Earlier this year, you may recall that I wrote about Juveniles, the now-solo recording project of French electronic music artist and producer Jean-Sylvan Le Gouic, best known as Jean Sylvain. Initially formed as a duo featuring Sylvain and former member Thibault Doray, the project’s debut EP, We Are Young, which was released through renowned French electronic music label Kitsune Records, received attention slick, hypermodern, super-computerized, dance floor-friendly productions. Building upon a rapidly growing profile among electronic music circles, the duo released their 2013 Yuksek-produced full-length debut, which expanded the then-duo’s profile across the European Union, Southeast Asia, China and South America.
Now, as I’ve not so subtly hinted at, since the release of their full-length debut, the project has gone through some significant changes — Doray left the project, leaving it solely under the helm of Sylvain and his sophomore full-length effort Without Warning, which was released earlier this year through Paradis/Capitol Records finds Sylvain releasing music on a new label after several years with Kitsune Records. Produced and recorded by Joakim at Crowdspacer Studios here in NYC, Without Warning finds the French electronic music artist going through decidedly radical changes both in sonic direction and approach as he abandons the fully computerized sound of his previously released work to embrace a much more “human” approach, featuring live instrumentation from The Juan Maclean’s, Holy Ghost!’s and Yeasayer’s Christopher Berry (drums) and Big Data’s Ben Campbell (bass), along with pre-digital and traditional mixing and production techniques.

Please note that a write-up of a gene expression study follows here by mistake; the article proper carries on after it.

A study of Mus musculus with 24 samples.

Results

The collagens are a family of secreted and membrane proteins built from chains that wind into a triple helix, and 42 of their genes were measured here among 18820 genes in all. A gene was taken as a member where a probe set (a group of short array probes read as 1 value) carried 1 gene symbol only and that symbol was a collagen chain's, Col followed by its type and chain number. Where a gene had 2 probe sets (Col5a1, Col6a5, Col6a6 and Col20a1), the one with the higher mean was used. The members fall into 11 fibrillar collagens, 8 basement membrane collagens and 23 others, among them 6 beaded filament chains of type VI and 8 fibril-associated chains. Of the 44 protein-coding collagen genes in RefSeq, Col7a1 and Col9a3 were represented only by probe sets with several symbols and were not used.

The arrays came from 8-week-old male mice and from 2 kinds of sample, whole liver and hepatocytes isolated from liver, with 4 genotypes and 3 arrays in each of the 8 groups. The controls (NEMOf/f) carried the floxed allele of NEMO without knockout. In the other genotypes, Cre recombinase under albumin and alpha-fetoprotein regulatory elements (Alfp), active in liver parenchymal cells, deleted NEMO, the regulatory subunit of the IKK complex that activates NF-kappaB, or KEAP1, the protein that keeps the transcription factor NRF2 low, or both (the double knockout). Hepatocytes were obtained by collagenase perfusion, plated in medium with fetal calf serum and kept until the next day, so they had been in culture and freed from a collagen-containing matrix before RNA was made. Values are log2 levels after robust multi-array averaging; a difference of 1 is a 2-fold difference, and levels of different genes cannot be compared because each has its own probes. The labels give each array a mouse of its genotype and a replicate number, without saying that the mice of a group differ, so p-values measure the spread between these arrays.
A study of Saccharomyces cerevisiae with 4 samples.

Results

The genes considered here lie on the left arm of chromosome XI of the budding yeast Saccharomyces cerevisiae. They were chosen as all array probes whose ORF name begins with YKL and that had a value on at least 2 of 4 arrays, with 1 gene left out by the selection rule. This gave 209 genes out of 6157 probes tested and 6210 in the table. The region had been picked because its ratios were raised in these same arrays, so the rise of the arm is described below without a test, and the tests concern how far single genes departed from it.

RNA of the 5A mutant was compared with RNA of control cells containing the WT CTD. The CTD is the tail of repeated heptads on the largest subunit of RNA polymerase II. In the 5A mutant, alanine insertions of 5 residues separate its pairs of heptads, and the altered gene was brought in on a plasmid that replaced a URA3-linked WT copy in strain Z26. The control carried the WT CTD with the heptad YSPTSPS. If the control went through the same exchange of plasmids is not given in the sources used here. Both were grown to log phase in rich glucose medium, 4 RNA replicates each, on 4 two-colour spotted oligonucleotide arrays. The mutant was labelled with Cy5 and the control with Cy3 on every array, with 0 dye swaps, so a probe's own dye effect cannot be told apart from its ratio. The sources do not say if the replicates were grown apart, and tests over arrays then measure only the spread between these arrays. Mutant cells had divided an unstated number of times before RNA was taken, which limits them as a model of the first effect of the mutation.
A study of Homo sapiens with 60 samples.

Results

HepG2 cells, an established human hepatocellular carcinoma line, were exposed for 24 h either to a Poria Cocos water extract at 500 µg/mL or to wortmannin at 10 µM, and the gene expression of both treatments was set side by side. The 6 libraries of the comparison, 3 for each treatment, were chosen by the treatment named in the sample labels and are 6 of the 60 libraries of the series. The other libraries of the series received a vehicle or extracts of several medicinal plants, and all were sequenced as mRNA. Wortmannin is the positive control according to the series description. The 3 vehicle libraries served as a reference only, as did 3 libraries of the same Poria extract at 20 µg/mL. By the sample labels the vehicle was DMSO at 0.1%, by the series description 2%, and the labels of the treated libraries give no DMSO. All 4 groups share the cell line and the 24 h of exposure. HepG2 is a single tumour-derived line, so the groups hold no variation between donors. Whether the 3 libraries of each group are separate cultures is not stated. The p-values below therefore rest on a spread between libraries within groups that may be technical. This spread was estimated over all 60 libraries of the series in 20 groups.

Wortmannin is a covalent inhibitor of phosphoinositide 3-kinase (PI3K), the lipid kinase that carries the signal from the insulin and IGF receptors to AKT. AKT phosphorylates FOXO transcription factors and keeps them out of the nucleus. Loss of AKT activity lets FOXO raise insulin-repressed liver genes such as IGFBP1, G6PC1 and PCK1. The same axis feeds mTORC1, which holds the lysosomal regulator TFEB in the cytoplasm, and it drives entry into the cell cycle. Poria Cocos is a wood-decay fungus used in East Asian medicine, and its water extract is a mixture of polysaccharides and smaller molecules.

“Someone Better,” Without Warning‘s preceding single features a sinuous and propulsive bass line paired with blocks of arpeggio organ and synth chords, four-on-the-floor drumming, and Sylvain’s sensual and seductive crooning with some of the sharpest, most dance-floor friendly hooks I’ve heard in quite some time. And while arguably being one of the warmest, most soulful, the French electronic music artist has released to date, the song clearly draws from classic disco, bearing a resemblance to Cheryl Lynn’s “Got To Be Real,” Sylvester’s “You Make Me Feel (Mighty Real)” but with a subtly modern production sheen. “Love Me” continues in a similar vein, nodding at Nile Rodgers‘ work with Chic, Zonoscope-era Cut Copy and DFA Records as the song features an arrangement consisting of shuffling funk guitar, a sinuous bass line, cowbell-led percussion and squiggling synths and some incredibly dance floor-friendly hooks. But just under the surface is a plaintive yearning to be desired and loved that’s innately human.
Directed by Aube Perrie and David Moerman and starring Laure Berend-Sagols and Flore Gandiol as the video’s very pregnant leads and love-struck couple, the recently released and lushly shot video pairs surrealistic and psychedelic-tinged animation and impossibly vibrant colors to evoke the leads swooning passion and desire for one another. And while placing the video’s central pair in surreal situations, the pair radiate sweetness, light and the sort of love that feels (and looks) as though they may be the only people in the entire world, if only for a moment. Certainly, in light of our current political climate in which a presidential administration is in a vicious war against women (in particular single mothers), our dear friends, lovers, colleagues and associates in the LGBQT community, non-Christians and anyone not White, Berend-Sagols and Gandiol’s dignity and decency feel powerful and revolutionary. One day love will be simply that — love.